The week-long Brubeck Festival in Stockton - named after jazz legend Dave Brubeck - culminates Saturday night with a tribute to another jazz icon: Ella Fitzgarald. This year mark's the 100th anniversary of Fitzgerald's birth.
"Simply Ella" is the name of the concert and it's presented by recording artist Regina Carter. The Detroit-born musician is a virtuoso of an instrument that occasionally raises eyebrows among some jazz fans: the violin.
"Yeah, I still get that unfortunately - you would think in this day an age," says Carter. "But I always have to remind them, or say, 'if you go back and look at our history there's always been violin that's been a part of the genre.'"
Including going back to the 1950s when violinist Stuff Smith played with Ella Fitzgerald.
Speaking on the phone from her home in Maywood, New Jersey, Carter says she's always been a huge fan of Ella's.
"When I was a child, I stumbled on a record of hers in my parent's house and immediately felt this warmth," says Carter. "When I put it on, I just felt a lot of love and I would play it often. And then as an adult listening to Ella, I realized how incredible she was as a musician and what an amazing instrument she had - her voice."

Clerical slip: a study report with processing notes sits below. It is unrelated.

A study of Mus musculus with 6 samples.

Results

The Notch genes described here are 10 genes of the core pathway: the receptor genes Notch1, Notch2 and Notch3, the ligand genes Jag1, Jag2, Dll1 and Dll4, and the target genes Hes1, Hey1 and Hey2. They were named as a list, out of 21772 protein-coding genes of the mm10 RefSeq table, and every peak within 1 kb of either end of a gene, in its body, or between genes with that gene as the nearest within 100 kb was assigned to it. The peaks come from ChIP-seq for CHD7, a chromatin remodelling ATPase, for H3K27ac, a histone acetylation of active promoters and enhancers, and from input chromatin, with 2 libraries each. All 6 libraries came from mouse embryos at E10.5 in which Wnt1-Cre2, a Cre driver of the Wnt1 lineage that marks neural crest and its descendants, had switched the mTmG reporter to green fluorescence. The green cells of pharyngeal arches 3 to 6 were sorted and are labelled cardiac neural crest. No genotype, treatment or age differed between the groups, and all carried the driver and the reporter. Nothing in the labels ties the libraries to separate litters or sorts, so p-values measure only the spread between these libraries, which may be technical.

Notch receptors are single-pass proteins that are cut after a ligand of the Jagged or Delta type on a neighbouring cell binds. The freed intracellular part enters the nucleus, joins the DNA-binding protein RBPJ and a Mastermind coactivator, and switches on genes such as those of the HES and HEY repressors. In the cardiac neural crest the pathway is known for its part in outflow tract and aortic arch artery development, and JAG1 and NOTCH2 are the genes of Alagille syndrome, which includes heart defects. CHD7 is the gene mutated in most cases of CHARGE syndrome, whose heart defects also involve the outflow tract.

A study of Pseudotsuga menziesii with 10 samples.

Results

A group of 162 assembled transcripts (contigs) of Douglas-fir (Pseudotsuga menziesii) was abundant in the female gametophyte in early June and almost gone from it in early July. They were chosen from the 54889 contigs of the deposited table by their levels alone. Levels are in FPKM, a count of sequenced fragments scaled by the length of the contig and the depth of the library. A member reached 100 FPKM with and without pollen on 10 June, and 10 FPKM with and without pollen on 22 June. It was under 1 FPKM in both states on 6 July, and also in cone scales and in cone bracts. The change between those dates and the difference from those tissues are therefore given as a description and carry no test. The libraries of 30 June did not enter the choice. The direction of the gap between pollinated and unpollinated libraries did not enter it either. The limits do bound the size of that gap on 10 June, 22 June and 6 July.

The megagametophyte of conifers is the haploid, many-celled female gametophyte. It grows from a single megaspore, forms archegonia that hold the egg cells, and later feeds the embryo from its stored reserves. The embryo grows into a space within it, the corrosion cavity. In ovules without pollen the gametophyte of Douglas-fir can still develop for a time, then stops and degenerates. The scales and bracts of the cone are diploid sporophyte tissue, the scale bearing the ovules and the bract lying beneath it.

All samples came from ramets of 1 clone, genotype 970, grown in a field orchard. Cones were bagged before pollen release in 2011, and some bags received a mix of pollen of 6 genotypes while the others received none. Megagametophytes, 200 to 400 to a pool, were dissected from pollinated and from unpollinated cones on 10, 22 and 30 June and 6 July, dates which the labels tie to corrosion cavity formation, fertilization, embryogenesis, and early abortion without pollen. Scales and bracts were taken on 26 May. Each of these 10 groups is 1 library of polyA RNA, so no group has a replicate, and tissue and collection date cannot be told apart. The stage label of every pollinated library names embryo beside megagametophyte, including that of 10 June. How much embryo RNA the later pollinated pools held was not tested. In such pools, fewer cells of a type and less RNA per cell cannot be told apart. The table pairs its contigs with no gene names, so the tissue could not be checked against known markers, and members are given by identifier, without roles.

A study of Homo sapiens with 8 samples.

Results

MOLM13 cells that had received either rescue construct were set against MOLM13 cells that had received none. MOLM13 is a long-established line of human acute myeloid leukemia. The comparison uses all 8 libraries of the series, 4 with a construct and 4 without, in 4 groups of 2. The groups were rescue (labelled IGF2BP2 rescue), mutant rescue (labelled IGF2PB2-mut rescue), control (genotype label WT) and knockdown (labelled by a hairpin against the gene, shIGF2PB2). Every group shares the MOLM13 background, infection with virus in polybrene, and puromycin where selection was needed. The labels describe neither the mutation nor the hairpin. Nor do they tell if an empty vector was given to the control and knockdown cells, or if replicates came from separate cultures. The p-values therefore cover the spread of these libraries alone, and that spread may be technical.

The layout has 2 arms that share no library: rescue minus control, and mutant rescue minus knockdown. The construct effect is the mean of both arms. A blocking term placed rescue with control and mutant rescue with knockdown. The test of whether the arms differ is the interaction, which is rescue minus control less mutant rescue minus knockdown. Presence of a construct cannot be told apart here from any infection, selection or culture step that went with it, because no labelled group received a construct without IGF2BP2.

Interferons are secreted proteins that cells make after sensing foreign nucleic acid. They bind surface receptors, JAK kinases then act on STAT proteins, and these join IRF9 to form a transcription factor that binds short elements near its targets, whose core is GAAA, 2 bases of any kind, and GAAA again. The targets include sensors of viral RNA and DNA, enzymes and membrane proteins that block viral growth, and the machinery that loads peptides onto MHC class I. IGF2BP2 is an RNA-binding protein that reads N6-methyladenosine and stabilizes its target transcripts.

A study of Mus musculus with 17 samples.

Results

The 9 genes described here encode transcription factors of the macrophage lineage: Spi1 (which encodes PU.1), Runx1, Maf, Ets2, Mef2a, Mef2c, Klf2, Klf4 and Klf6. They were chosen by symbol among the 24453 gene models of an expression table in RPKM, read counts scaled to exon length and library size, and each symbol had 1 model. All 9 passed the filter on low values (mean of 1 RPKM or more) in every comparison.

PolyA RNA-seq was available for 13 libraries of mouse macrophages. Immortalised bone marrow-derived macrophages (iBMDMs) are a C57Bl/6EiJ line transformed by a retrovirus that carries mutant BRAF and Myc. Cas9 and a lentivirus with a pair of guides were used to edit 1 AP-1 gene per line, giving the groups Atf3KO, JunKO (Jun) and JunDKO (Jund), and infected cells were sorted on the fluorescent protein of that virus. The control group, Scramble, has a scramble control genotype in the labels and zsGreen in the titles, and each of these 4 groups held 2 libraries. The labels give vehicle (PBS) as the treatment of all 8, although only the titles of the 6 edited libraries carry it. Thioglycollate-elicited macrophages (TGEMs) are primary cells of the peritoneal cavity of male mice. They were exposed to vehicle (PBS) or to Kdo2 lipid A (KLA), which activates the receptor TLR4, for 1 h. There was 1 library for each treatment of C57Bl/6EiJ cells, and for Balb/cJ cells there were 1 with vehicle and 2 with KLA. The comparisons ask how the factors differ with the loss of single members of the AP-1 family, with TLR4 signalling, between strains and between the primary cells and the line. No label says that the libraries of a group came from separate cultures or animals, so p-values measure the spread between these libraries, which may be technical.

Carter's new album is a tribute to Fitzgearld. It's called "Ella: Accentuate the Positive," named after one of the First Lady of Song's big hits.
"Reading the words that 'you gotta accentuate the positive, hold on to the affirmative, let go of the negative and don't mess with Mr. In Between.' And for what we're going through in this country, there's just so much ugliness that's going on, I thought that would be the perfect title and the perfect sentiment," says Carter.
"Of course playing music, uplifting music, is a great healing force," says Carter. "So 'Accentuate the Positive' is just a beautiful example of trying to be positive and trying to help heal ourselves."